In agile methodology, a user story is a simple, concise description of a feature or functionality from the perspective of an end user. It is a tool used to capture requirements and define the scope of work in a project. User stories are written collaboratively by the development team and stakeholders, such as product owners or customers.
A user story typically follows a specific template, known as the Three C's:
Card: The user story is written on an index card or a digital equivalent, serving as a physical representation of the requirement.
Conversation: The user story is used as a basis for discussion and collaboration between the development team and stakeholders. This conversation helps clarify the details and expectations of the feature.
Confirmation: The user story is used to define the acceptance criteria, which are measurable conditions that must be met for the story to be considered complete.
To better understand user stories, let's consider an example:
The user story is intentionally kept short and high-level, focusing on the "what" rather than the "how." It encourages conversation and collaboration between the development team and stakeholders to flesh out the details.
Now, let's move on to story points. Story points are a unit of measure used in agile development to estimate the effort or complexity of a user story. It is a relative scale that helps the team determine how long it will take to implement a feature compared to other stories.
Story points are typically assigned using a Fibonacci sequence or a similar scale (e.g., 1, 2, 3, 5, 8, 13, etc.). The numbers represent the level of effort or complexity, with higher numbers indicating more effort. The scale is deliberately non-linear to account for the inherent uncertainty and subjectivity in estimating work.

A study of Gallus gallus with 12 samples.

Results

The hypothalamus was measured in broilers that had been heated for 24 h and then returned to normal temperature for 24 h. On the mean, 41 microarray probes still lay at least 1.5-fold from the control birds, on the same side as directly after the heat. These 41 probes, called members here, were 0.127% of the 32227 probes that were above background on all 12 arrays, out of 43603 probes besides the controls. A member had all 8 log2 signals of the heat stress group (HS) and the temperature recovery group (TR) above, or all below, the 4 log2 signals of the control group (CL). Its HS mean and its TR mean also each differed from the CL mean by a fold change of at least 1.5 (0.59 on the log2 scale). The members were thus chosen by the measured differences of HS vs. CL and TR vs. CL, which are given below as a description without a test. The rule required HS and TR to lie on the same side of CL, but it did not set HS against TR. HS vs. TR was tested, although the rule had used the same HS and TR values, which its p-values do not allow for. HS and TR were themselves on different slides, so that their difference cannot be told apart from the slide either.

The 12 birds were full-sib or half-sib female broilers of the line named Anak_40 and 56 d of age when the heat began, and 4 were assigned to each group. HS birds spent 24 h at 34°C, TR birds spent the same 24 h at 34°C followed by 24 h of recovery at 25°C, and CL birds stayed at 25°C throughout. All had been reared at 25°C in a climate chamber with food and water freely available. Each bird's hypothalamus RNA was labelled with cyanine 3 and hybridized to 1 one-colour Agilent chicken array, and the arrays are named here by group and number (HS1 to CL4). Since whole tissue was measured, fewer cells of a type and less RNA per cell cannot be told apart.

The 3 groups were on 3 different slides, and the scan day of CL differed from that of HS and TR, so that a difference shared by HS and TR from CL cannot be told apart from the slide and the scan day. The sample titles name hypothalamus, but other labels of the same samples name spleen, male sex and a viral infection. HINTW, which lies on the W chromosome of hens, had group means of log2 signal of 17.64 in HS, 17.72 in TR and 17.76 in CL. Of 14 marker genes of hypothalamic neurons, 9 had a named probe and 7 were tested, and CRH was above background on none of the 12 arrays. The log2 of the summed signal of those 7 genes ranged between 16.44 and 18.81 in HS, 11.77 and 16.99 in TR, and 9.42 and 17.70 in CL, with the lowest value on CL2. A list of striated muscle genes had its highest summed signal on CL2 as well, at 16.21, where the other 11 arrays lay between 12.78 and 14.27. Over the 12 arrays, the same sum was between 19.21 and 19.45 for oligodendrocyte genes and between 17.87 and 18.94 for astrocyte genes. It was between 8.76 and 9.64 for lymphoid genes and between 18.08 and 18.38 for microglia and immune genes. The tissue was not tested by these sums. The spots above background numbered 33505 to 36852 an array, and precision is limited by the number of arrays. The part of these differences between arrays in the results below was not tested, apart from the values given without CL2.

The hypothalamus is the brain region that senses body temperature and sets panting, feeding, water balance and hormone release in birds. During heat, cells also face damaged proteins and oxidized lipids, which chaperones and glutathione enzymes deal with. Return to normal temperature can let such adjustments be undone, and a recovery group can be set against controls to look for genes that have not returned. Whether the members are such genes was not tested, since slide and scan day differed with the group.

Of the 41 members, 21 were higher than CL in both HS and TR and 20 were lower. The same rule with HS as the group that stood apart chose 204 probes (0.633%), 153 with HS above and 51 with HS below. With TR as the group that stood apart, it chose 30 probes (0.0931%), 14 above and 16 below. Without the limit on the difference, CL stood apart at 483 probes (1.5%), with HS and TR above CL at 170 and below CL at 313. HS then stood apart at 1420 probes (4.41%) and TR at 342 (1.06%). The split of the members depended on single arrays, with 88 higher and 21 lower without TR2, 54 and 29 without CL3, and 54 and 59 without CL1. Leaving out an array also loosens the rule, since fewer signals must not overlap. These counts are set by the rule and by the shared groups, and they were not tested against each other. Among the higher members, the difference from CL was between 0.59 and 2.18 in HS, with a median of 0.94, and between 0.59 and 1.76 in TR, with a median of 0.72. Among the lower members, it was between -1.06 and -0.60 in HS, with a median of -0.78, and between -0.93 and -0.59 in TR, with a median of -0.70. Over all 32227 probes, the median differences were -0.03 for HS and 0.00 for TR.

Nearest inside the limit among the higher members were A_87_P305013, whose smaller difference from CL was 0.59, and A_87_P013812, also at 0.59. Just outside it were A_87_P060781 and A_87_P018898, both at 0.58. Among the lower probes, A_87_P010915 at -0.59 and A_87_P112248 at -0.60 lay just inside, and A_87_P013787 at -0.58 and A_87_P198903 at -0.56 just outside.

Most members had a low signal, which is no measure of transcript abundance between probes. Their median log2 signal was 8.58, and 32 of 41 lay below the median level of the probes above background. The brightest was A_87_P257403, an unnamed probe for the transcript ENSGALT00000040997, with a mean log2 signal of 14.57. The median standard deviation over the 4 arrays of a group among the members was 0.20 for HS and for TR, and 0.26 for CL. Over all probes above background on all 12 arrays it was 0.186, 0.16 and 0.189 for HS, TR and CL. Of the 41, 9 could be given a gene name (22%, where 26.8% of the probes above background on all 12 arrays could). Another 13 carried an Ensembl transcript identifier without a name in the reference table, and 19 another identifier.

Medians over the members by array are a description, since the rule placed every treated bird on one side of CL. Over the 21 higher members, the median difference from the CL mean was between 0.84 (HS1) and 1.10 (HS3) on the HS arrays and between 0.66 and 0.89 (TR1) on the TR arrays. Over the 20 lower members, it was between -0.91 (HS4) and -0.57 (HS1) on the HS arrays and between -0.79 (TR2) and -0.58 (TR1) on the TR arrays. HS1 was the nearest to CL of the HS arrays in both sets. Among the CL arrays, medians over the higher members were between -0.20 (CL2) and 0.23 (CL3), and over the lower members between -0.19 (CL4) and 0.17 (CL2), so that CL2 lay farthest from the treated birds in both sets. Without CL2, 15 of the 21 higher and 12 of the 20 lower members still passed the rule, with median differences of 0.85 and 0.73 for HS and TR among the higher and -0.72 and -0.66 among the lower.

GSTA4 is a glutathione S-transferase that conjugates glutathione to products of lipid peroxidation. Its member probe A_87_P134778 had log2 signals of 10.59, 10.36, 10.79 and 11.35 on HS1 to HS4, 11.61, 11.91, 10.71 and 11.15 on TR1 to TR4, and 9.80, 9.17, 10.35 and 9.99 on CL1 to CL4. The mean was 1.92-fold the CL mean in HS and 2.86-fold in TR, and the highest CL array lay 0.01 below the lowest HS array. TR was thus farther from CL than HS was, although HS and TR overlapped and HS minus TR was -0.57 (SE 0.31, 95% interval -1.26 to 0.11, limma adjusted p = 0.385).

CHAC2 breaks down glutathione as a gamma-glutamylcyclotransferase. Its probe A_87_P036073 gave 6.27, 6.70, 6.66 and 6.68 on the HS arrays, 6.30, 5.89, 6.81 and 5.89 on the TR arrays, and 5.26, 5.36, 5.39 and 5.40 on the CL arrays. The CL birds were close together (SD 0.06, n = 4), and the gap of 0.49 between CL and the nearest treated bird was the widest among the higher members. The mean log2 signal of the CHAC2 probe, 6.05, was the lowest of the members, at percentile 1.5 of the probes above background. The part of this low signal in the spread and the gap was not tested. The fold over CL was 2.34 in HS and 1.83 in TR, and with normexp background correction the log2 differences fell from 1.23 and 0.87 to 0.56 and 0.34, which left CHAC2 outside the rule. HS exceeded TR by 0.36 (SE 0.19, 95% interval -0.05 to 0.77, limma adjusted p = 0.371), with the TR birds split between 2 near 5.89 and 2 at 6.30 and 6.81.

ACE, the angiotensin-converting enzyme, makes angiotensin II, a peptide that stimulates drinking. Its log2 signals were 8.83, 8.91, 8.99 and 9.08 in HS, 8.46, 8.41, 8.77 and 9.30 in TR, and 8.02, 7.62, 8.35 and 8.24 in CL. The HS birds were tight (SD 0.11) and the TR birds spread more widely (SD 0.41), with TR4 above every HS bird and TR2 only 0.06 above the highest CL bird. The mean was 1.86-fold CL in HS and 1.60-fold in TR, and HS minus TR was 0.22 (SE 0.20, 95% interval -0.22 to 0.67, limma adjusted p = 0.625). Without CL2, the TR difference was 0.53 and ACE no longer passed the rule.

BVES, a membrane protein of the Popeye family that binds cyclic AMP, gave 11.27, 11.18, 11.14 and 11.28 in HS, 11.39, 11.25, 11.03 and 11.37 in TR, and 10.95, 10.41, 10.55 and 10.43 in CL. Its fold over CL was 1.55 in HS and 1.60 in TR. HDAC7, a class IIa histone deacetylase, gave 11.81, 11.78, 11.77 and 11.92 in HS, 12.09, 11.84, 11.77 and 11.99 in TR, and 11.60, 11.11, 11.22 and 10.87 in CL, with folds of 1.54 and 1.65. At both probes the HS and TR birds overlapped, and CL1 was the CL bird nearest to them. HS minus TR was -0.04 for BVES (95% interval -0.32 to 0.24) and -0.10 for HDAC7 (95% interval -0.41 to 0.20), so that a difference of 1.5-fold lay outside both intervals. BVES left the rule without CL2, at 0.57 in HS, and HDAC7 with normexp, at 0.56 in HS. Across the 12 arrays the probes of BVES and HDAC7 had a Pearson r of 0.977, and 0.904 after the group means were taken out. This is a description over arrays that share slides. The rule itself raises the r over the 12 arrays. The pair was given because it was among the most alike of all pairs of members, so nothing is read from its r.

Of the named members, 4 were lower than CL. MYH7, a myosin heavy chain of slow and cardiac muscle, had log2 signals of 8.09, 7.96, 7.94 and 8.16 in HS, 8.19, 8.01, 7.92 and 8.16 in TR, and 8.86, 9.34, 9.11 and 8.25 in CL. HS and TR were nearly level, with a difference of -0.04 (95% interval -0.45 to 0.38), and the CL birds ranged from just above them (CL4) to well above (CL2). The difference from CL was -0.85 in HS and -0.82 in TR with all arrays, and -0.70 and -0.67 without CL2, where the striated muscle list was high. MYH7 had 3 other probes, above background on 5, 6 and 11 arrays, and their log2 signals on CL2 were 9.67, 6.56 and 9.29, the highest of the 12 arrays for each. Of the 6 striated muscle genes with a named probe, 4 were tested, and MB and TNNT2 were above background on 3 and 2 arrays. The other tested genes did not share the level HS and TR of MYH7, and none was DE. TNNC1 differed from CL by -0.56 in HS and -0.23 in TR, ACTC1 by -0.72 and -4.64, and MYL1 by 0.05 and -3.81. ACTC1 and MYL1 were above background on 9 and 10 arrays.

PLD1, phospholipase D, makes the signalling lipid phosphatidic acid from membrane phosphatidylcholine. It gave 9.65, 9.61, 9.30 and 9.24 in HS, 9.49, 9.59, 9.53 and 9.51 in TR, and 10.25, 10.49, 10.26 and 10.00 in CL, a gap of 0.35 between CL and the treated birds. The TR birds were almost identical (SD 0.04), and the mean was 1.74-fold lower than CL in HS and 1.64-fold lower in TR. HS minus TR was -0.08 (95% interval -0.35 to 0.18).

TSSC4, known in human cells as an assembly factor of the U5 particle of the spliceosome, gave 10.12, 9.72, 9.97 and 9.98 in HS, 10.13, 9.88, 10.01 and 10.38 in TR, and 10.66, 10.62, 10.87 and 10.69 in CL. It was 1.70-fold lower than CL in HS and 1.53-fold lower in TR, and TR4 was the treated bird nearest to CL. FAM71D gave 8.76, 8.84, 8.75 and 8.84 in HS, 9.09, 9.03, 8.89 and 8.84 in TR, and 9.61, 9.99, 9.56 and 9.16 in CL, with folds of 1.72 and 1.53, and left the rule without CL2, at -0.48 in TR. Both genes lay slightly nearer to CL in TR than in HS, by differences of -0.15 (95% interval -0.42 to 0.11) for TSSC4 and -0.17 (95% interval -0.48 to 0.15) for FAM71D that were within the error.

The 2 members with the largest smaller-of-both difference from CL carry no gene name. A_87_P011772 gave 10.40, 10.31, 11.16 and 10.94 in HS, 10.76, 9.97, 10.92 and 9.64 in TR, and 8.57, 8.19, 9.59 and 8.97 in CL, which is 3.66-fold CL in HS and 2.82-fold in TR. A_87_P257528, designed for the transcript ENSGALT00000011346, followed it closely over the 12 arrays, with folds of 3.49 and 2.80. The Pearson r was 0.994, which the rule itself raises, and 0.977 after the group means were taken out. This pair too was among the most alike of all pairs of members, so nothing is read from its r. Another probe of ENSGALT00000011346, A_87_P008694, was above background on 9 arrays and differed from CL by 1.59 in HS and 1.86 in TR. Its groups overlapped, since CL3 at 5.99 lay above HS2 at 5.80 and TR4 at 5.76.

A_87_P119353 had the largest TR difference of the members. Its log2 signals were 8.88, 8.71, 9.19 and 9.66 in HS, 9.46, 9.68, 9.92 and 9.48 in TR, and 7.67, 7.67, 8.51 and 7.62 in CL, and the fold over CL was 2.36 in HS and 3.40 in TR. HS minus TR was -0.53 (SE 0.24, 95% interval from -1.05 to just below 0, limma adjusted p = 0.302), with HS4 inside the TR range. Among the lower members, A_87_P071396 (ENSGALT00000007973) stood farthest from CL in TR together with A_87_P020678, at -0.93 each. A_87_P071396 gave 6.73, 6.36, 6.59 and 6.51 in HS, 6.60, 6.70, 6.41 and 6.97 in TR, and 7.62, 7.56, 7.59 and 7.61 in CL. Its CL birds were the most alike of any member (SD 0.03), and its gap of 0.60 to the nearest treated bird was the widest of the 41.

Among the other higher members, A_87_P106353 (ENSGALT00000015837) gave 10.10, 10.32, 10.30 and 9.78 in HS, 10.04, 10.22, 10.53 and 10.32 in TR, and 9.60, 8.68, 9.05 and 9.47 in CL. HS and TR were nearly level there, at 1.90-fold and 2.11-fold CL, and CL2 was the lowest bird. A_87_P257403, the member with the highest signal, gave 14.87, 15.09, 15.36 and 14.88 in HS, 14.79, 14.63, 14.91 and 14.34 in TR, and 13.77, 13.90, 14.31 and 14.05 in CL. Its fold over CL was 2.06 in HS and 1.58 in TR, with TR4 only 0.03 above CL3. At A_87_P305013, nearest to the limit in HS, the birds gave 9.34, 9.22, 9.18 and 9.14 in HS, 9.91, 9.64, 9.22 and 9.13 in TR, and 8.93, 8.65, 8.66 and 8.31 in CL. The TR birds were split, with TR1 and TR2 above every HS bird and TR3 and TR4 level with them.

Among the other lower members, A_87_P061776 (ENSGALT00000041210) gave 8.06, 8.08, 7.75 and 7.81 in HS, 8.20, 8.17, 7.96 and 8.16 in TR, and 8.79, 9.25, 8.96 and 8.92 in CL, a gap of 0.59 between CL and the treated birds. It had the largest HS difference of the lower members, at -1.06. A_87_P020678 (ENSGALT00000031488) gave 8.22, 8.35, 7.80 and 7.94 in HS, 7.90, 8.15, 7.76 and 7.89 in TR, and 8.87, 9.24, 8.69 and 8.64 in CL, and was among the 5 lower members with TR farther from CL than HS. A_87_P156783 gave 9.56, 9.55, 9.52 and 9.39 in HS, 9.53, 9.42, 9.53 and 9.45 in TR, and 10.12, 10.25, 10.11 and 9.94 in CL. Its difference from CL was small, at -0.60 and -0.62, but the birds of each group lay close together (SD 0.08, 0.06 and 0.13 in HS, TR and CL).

Here's an example of assigning story points to a user story:
User Story: As a user, I want to be able to search for products on an e-commerce website.
Estimated Story Points: 3
Explanation: The development team engages in a discussion about the user story and considers various factors such as the complexity of the search functionality, any potential technical challenges, and dependencies on other features. After considering these factors, the team collectively agrees that the effort required to implement this user story is moderate and assigns it 3 story points.
Story points are not meant to be a precise measure of time. Instead, they help the team compare the relative effort between user stories. For example, if another user story is estimated to be 5 story points, it suggests that it is more complex or time-consuming than the 3-point user story.
By estimating user stories in story points, the development team can plan their work based on the available capacity and prioritize the backlog of user stories accordingly. It provides a way to manage expectations and make data-driven decisions about what can be achieved within a given timeframe.
In summary, user stories are concise descriptions of features from the user's perspective, while story points are a relative measure of effort or complexity assigned to user stories. Together, they form a valuable framework for agile teams to capture requirements, foster collaboration, and plan their work effectively.
Yaani PatelJuly 22, 2022
Aashish Kasma & Vedika PandeySep 14, 2022
Learning comes not only with training but it comes as we facilitate the learning of the organization as well as individuals and the clients continuously refurbishing ourselves.
We believe in Innovation and have started our company based on that concept. When you don't transform you become stagnant.
We work efficiently as a team. We self-monitor. We deliver results efficiently with the help of multiple perspectives and skill sets. We form strong working relationships as we communicate well with each other.